US Treasury Secretary Timothy Geithner said Wednesday that the financial system "is starting to heal" as a result of massive efforts to rescue banks and steady the housing market.
In a speech to community bankers, Geithner said the adjustment in the financial system has largely been accomplished as a result of government rescue efforts.
"The financial system is starting to heal," he said.
"Concern about systemic risk has diminished. And overall lending conditions have started to improve."
Geithner said this is reflected in easier borrowing conditions for corporate bonds and interbank lending as well as for mortgages, where interest rates dropped to a historic low.
"These are all welcome signs, but the process of financial recovery and repair is going to take time," he said.
Geithner said the system is responding to efforts by the Federal Reserve and Treasury to get more credit flowing and keep rates low, including moves to clean up so-called "toxic assets" that are weighing on banks' ability to lend.
Also important were the "stress tests" conducted on major banks, which he said would "bring greater transparency and new capital into the financial system."
"We have already seen a substantial amount of adjustment in our financial system. Leverage has declined. The more vulnerable parts of the non-bank financial system no longer exist," he said.
"Banks are funding themselves more conservatively. These are necessary changes, and there is more restructuring ahead for the financial industry as a whole. But a substantial part of the adjustment process is now behind us."
Geithner announced meanwhile that smaller banks -- with assets of less than 500 billion dollars -- would have a new opportunity to request US government capital injections.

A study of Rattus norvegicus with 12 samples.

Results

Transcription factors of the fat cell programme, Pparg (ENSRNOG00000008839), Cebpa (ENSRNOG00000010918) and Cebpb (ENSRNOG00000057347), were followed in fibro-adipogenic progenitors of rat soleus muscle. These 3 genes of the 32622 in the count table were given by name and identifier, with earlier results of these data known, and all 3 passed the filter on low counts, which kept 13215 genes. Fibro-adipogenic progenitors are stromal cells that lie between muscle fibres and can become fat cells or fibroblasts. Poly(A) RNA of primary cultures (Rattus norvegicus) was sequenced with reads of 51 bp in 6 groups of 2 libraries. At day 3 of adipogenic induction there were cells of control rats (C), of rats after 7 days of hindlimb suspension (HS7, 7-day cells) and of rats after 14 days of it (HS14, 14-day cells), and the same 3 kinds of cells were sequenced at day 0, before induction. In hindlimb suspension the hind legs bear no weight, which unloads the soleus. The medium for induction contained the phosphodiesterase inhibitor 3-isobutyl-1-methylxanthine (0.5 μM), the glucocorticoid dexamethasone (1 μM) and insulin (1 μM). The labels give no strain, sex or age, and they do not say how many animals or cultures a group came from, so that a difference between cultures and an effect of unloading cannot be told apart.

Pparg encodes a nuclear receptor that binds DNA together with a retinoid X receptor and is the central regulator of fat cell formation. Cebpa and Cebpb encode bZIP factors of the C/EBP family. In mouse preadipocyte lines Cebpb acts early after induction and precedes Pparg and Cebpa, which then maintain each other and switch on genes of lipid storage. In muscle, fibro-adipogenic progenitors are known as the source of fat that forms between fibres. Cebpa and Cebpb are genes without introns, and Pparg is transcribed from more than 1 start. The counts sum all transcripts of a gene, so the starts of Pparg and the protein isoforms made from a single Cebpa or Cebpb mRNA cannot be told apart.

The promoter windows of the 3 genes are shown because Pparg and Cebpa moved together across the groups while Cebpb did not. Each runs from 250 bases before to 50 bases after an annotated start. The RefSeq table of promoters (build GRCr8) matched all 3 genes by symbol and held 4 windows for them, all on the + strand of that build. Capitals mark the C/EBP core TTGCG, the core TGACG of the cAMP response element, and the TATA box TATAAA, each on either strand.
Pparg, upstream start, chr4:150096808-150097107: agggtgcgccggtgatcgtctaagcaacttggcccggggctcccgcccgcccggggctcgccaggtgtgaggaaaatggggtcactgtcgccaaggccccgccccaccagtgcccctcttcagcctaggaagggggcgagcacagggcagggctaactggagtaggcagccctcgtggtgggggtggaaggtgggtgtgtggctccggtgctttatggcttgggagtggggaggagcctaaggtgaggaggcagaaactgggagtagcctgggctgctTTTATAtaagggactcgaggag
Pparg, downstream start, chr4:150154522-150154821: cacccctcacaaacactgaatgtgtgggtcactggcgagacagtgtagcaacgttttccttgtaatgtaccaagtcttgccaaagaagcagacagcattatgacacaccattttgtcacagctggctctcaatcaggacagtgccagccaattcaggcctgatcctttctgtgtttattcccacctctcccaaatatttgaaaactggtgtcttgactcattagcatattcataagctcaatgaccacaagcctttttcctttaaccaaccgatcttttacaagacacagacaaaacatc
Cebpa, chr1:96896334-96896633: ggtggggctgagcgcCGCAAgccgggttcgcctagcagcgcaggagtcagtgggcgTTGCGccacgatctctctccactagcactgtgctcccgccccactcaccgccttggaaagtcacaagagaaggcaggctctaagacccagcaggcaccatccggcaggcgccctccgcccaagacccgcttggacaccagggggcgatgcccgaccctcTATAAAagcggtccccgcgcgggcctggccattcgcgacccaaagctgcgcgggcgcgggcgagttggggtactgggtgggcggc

He said this will be possible because of "the repayments we expect to receive from some of the largest banks."
He said the smaller banks would see the cap lifted on the injections to 5.0 percent of risk-weighted assets from 3.0 percent.
The actions were being take "to ensure your banks have the capital you need," he told the bankers gathering in Washington.
The Treasury has injected some 200 billion dollars in capital into dozens of banks out of a total program commitment for 250 billion dollars within the Capital Purchase Program of the Troubled Asset Relief Program (TARP).
A growing number of major banks are eyeing quick repayment of US government capital injections after "stress tests" showed major lenders are healthy enough to manage without public support.
Geithner noted that the administration of President Barack Obama would propose "comprehensive regulatory reform efforts" in the coming weeks for the financial system.
"We have focused initially on addressing systemic risk, making sure those risks that arise are less threatening to stability and that the government has tools necessary to contain the damage they pose to the American economy," he said.
Now, he said, the focus will turn to reform: "These changes will help prevent future crises and limit their severity."